Today is July 2, the first day of Independence Day Weekend. For me, July 4 marks five months. Until today I had never thought that, to the Loyalist Americans, July 4 was not a day of celebration, but a “Day That Will Live in Infamy,” the day the long-resisted, long-feared separation finally occurred. What happened that day changed their identities, their hopes for the future. They had taken oaths of loyalty and kept them in the sight of God and man. Yet their partner – the land beneath their feet, the society around them, the Crown overseeing it all – had been violently ripped from them.
And they must have wondered, as I wonder: God of our fathers, what now?
I mention this because Paul raises the question of the widow being free to remarry because her covenant with her husband died with him. For Paul, it’s an illustration about being dead to the law and alive to Christ. He’s not interested in the real-life details. But I am. His illustration raises some real questions.
Here is what I DO know: I know that I am free to remarry, in the sense that it is not sin to do so. I know that God made man for woman and woman for man, and that short of a special calling to celibate service, marriage is the divinely-ordained “natural state,” a compact for mutual benefit. I know that husbands are called to love their wives as Christ loved the church and gave himself up for her.
It does not rise to the level of Scriptural authority, but here is what I have learned from reading, reflection and wise counsel, since Diane died:
Grief first, dating and remarriage second. It is almost impossible for grieving people to do the “hard work” of grief AND love a mate or prospective mate “as Christ loved the church and gave himself up for her.” Instead there is a tendency to “medicate” one’s pain with the analgesic of affection and attention. Ibuprofen is good but not if I use it to walk on a broken foot or ignore an infected tooth. That is not “getting on with life” or “toughing it out” – it is foolish because it only worsens the condition and extends the period of recovery. And to the extent that others are hurt when I use them as painkillers, it is selfish. As my friend Rich Parker says, “one has to remember that there are other people involved.” The scriptures do have much to say on the subject of selfish fools, none of it good. “There is a way that seems good to a man……”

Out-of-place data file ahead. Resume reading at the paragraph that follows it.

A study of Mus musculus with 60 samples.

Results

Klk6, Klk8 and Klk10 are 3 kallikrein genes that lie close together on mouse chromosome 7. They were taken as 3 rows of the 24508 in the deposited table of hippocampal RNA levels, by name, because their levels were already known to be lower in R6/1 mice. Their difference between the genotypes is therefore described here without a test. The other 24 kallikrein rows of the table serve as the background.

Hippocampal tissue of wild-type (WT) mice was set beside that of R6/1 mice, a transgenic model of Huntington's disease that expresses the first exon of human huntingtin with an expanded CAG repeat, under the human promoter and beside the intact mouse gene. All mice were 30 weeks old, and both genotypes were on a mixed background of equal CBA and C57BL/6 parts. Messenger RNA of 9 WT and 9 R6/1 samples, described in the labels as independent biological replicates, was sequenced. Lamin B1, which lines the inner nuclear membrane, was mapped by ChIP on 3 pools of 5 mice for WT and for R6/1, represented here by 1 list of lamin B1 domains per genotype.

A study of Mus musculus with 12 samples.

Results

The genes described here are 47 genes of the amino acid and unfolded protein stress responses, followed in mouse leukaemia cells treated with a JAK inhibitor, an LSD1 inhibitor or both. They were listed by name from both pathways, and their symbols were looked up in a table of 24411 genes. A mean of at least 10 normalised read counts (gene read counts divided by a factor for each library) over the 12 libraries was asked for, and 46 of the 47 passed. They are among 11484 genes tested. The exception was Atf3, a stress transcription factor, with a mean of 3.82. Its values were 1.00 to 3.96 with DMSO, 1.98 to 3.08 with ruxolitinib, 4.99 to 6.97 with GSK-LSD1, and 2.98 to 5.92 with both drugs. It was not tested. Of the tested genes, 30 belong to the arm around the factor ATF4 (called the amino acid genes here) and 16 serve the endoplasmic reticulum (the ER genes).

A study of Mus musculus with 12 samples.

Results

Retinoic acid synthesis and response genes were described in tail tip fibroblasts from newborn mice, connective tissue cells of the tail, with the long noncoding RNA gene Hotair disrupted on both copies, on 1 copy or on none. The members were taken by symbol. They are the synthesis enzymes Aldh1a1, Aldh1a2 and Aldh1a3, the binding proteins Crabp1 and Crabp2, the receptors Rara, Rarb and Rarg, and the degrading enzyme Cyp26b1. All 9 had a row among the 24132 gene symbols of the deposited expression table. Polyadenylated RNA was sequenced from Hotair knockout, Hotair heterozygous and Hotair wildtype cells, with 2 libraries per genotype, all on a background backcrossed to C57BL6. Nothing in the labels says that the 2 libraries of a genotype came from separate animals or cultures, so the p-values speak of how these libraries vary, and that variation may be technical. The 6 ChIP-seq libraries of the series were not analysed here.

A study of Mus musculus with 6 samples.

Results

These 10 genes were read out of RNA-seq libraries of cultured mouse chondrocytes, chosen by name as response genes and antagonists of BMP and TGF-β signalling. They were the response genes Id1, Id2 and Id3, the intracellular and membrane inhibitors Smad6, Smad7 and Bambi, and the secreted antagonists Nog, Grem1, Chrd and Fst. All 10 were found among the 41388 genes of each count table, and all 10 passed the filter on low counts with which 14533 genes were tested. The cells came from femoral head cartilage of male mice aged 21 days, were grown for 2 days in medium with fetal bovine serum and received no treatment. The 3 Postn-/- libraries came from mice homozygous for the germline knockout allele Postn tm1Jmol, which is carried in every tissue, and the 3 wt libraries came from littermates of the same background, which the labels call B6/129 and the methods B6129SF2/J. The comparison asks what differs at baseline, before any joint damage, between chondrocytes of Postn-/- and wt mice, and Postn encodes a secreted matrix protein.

At the Christian coffeehouse in Montpelier last night, I sat next to a brother who told me he remarried shortly after his wife died. Big mistake, he said. The house of cards collapsed quickly, with people he loved trapped inside. He said to me, “I’m not trying to tell you what to do, but……” I tell myself sometimes that I am not That Kind of Person who would make That Kind of Mistake. But again I must invoke a proverb of Solomon the Wise: “Pride goeth before destruction, and a haughty spirit before a fall.”
And so like the honest Loyalist of 235 years ago, I leave the familiar, beloved ground and set sail for uncertain shores. There is no joy in it, but there is acceptance, and openness to unknown blessing as one life ends and another begins. The Fourth will always be recalled with sadness, but my oath to the King remains, as does my trust in His protection. All may change, but Jesus never, glory to His name.